As Temple prepares for its quick transition into the Big East — a little less than six months from now — coach Steve Addazio isn't worried.

Sure, he knows his team will have some trouble adapting to a new league, new opponents and facing bigger players every week, but Addazio said it's a much easier transition for him and his coaching staff than coming to Temple from Florida two years ago.

"When I came in here, I just did not have a good feel for the MAC," Addazio told Yahoo! Sports. "I saw a couple games, so I had a little sense, but not a great deal. But what I found was the football in the MAC was outstanding.

"Most of my years were involved with the Big East when I was at Syracuse, and then of course the Big Ten and then the SEC, so I was a little bit more familiar with the BCS level of play. We'll go back into that and probably feel pretty comfortable in terms of that I have a sense of that level of play, what we might need or might not need schematically to get us a little edge if we feel like we could get an edge somewhere. Those are the things we're talking about right now."

But Addazio is in no hurry to start breaking down his new conference. The Owls are in the midst of spring football and Addazio said his only goal right now is to work on fundamentals and get his players in the right mindset to step up a level in competition. But the Mid-American Conference, and Temple's tough nonconference schedules have been a pretty good proving ground for the Owls. While the Owls haven't won their division as a fulltime member of the MAC, they've challenged for it each of the past three years. The MAC has had at least one 10-win team each of the past four seasons and two the past two seasons. The competition, coaches and level of play in the MAC is seemingly getting better every year.


After spring football, Addazio and his staff plan to start gameplanning for the Big East. He'll assign each coach a specific section of fan opponent and a certain team and that coach will be the expert and teach it to the rest of the coaches. Addazio said they won't get too far into the season because by the time you get to Week 7 or 8 teams have changed and the best film to watch is of the current year, but for those first few opponents, Addazio expects to have a pretty throughout dossier.

Addazio said he didn't anticipate film study being any more difficult than his first season in the MAC, but that he's going to pay extra attention to teams with unique offensive or defensive characteristics.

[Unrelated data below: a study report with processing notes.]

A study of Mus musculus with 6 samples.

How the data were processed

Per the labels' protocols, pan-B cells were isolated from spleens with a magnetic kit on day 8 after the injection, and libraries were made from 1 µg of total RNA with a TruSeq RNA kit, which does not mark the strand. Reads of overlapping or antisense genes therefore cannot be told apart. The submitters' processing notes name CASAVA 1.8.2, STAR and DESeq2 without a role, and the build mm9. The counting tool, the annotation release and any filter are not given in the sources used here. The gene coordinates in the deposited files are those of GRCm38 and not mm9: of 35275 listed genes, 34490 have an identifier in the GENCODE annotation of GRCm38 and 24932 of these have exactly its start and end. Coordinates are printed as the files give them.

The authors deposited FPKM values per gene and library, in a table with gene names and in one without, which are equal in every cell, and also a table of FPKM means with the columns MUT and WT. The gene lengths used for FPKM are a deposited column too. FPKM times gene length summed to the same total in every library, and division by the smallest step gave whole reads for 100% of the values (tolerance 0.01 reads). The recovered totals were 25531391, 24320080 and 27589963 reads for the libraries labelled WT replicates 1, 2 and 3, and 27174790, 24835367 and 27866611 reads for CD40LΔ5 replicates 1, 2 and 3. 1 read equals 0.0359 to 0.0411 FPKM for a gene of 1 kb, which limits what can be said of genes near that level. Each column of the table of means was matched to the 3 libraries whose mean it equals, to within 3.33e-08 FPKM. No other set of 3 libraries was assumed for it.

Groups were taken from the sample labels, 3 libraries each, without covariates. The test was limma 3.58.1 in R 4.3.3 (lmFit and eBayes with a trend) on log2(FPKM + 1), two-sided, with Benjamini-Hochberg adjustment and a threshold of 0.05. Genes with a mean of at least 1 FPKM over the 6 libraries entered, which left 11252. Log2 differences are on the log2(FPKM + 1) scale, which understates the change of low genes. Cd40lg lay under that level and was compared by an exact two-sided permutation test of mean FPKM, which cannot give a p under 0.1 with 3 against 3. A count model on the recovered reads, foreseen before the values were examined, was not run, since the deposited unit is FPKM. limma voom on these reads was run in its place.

"You have to make sure that there's not some team that has some unique scheme that you need to pay particular attention to," Addazio said. "Like if a team has a unique scheme, a certain style of defense that you don't see, you want to address that. You don't want to wait until next year, game week, to address it. You might spend a day or two on that kind of scheme in preseason camp."

Addazio and his staff also have to start working on a grueling nonconference schedule that was built with a MAC conference schedule in mind. The Owls currently have games against FCS power Villanova, Maryland and Penn State before they even start thinking about teams such as Syracuse, Rutgers, UConn and Pitt.


Addazio said he knows there are going to be some growing pains this season and even next season when he has to prepare for yet another group of teams when Houston, Central Florida, Boise State, SMU, Memphis, San Diego State join the league (and Navy in 2015), but he's ready for them and he thinks the program is ready for them. Even though Addazio wasn't around when Temple was unceremoniously asked to leave the Big East in 2004, he knows the commitment to the program wasn't there like it is now. There's more support by the community, the alumni and better players to make this stint with the Big East stick.

"I felt like when I came here there'd be a great opportunity because I knew this program was growing, I knew the administration was committed to it, I knew (former coach) Al (Golden) had done a great job building it," Addazio said.

"I think Temple is certainly very cognizant of the fact that when we were in the Big East, we weren't exactly aligned as a university. We didn't have all sports in. The commitment level to our facilities wasn't there. We certainly feel like we had ownership in that and this is a completely different place right now. It's a completely different scenario. The university has completely changed. Philadelphia has certainly gone through a renaissance…. It's kind of interesting to watch the growth of Temple.

"So, it doesn't shock me. We felt all along that where we are is where we belong."